CENTENNIAL, Colo. -- Broncos linebacker Brandon Marshall keeps an open mind and itinerary. He takes memorable offseason trips. He experienced an unforgettable March excursion to South Africa, telling his story exclusively to Denver7.
Marshall visited orphanages, donated money and items and survived an expletive-filled encounter with an elephant.
Along with six NFL Players, including former Broncos defensive backs Tony Carter, Omar Bolden, Duke Ihenacho and Mike Adams, Marshall arrived in Cape Town with gifts. Carter put the trip together, as the players sought a rewarding, unique experience. When the players visited the orphanages in Cape Town and Khayelitsha, the kids realized the players were different. But they were not sure why. After all, they did not play soccer or rugby.
"They didn't really know anything about football. It's funny, we brought them pictures with all of our faces (shown above with the Steelers' William Gay and the Saints' P.J. Williams) on it to explain who we were and what it is we do. It was big to them that we were professional athletes. It was like 'Oh wow! You are American.' They showered us with love," Marshall said. "It was crazy to see how they live, their conditions. It was just a very humbling experience."
Marshall grew up with adversity in Las Vegas. He clung tightly to his dream of playing in the NFL, and was always steered straight by a strong mother, loyal brother and a grandfather he idolized. In South Africa, Marshall witnessed abject poverty, that "was worse than any I have experienced in America." He met kids whose parents abandoned them. However, the children surprised and inspired him with their relentless hope.
"There's no comparison to the living conditions. It was tough to see them in shacks. ... Everything was, man .... But they seem so happy, so pure. We were playing soccer with them in the streets and they were so excited," Marshall said. "And we got them a football, and started throwing it (overhand), and they began (under-handing it) and doing the rugby toss."
The purpose of the trip was multi-layered. it represented a chance for the players to help, while allowing for self-discovery. The players went on a safari at Kruger National Park. The video (which airs on Denver7 at 6 p.m. Thursday and again this weekend) proved entertaining, if not a bit unsettling. Fair to say the Detroit Lions have nothing on South African Lions. And the Chicago Bears offer no match for wild elephants. In two separate encounters, a lion turned toward the players' vehicle with a warning glare -- "Those eyes man, you wonder what they are thinking," Marshall said -- causing pause and trepidation. The elephant boasted the surprise element, leaving expletives in his wake.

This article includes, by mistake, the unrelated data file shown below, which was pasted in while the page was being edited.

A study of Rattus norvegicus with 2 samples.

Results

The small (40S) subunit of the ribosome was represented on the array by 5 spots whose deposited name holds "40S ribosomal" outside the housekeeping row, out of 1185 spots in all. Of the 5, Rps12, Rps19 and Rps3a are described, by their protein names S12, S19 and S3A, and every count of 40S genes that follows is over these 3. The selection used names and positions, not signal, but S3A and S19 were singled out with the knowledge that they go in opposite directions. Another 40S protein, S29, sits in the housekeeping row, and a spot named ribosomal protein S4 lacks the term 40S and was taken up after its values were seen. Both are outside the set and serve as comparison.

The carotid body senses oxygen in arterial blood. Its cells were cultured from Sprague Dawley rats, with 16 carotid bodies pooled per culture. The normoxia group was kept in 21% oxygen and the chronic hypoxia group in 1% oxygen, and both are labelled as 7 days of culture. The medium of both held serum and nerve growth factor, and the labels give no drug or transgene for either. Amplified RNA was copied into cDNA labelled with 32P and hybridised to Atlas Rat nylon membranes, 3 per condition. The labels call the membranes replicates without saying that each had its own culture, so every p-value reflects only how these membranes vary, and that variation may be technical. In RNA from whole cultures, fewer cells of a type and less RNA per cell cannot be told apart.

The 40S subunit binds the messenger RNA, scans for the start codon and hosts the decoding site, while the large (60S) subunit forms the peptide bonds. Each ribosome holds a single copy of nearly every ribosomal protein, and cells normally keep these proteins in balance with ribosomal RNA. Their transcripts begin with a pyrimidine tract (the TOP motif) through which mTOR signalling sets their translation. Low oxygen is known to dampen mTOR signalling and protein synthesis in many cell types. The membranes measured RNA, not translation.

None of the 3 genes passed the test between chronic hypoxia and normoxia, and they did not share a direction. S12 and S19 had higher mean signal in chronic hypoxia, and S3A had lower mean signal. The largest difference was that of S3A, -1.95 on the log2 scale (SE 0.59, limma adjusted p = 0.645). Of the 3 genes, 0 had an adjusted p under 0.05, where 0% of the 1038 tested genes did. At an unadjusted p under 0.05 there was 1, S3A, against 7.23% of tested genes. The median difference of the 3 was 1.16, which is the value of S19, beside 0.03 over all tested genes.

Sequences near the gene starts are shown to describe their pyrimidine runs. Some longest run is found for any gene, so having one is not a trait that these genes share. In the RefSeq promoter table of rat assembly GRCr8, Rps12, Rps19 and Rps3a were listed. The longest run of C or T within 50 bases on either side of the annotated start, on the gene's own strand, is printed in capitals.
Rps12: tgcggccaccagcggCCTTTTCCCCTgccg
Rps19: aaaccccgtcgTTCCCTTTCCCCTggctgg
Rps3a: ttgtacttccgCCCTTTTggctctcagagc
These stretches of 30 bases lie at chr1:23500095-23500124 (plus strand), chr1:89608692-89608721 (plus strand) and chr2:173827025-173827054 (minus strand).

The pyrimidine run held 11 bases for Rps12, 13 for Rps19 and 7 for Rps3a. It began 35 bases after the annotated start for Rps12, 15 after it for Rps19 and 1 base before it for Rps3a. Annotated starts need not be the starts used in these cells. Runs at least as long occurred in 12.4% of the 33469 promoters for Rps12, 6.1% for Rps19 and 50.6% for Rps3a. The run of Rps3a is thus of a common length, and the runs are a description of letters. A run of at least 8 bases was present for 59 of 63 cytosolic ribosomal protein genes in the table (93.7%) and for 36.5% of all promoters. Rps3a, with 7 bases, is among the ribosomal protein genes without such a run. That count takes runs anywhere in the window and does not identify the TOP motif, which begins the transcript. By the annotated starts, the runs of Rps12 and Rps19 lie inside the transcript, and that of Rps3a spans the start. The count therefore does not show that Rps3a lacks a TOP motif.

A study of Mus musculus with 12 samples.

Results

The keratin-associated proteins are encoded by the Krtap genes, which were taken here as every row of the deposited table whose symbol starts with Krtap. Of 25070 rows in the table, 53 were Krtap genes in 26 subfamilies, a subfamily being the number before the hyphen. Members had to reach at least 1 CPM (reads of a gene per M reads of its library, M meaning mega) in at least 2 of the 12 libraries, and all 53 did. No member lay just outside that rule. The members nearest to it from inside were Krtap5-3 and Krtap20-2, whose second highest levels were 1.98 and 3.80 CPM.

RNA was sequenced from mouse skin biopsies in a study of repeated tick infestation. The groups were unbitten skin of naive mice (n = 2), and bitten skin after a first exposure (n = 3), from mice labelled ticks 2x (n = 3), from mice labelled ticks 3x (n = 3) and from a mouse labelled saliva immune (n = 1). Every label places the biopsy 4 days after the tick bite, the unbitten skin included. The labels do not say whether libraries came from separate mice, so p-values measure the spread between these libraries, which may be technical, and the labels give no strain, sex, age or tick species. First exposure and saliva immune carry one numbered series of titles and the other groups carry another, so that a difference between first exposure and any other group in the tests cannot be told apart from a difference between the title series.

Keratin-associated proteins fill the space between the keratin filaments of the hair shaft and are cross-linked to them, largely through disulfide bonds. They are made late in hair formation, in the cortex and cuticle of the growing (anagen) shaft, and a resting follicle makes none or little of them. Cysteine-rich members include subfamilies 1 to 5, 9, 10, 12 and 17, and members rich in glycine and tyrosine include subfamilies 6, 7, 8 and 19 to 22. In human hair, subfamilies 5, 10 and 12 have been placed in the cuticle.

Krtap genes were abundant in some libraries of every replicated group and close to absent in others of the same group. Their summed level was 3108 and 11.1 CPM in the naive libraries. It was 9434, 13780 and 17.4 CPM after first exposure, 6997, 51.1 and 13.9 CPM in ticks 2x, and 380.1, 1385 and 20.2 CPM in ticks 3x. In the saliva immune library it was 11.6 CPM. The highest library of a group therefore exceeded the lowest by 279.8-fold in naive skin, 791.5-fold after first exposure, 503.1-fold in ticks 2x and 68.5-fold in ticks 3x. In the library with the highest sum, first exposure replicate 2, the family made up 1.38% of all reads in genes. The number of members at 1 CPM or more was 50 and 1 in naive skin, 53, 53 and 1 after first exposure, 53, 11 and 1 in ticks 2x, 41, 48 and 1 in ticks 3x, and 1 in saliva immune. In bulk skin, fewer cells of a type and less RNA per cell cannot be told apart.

"When I first got on the truck I realized there were no barricades, it was an open truck. We would be right up on these animals. I thought this is crazy. I got scared," Marshall told Denver7. "Before we left our guide told us not to make any sudden movements. That if we see an elephant, hippo, rhino, leopard, lion, zebra, buffalo, don't make any loud noises. As soon as we pull up on the elephant, he said, 'OK, everybody be quiet.' But the elephant heard the truck. And he turned and started charging us for about four steps. It was loud, and it was scary. The guide said it was the peak of mating season, so the elephant had to challenge us, he was on 10 right now. After that everybody was on edge about the animals we encountered."
Marshall wandered from camp one day, losing his wallet. He somehow found it, and laughed, "Why would I take it with me into to the jungle?" Later in the adventure, the players ensconced themselves in a shark tank. This one felt less safe than the one run by Dallas Mavericks owner Mark Cuban on ABC. At one point the shark jumped above the cage, revealing frightening sets of teeth. Plural.
Marshall reveled in the experience. The trip provided adrenaline and perspective. Marshall and friends have yet to plan their next adventure. Perhaps the players will go to Europe, he said. Maybe something relaxing, and charitable. Regardless, it's likely to focus more on children than wild animals.
"The kids' happiness made me reflect on my own life, and the perceived issues I might have. You realize that somebody always has it worse," Marshall said. "They had so much hope and innocence. It's something I will never forget."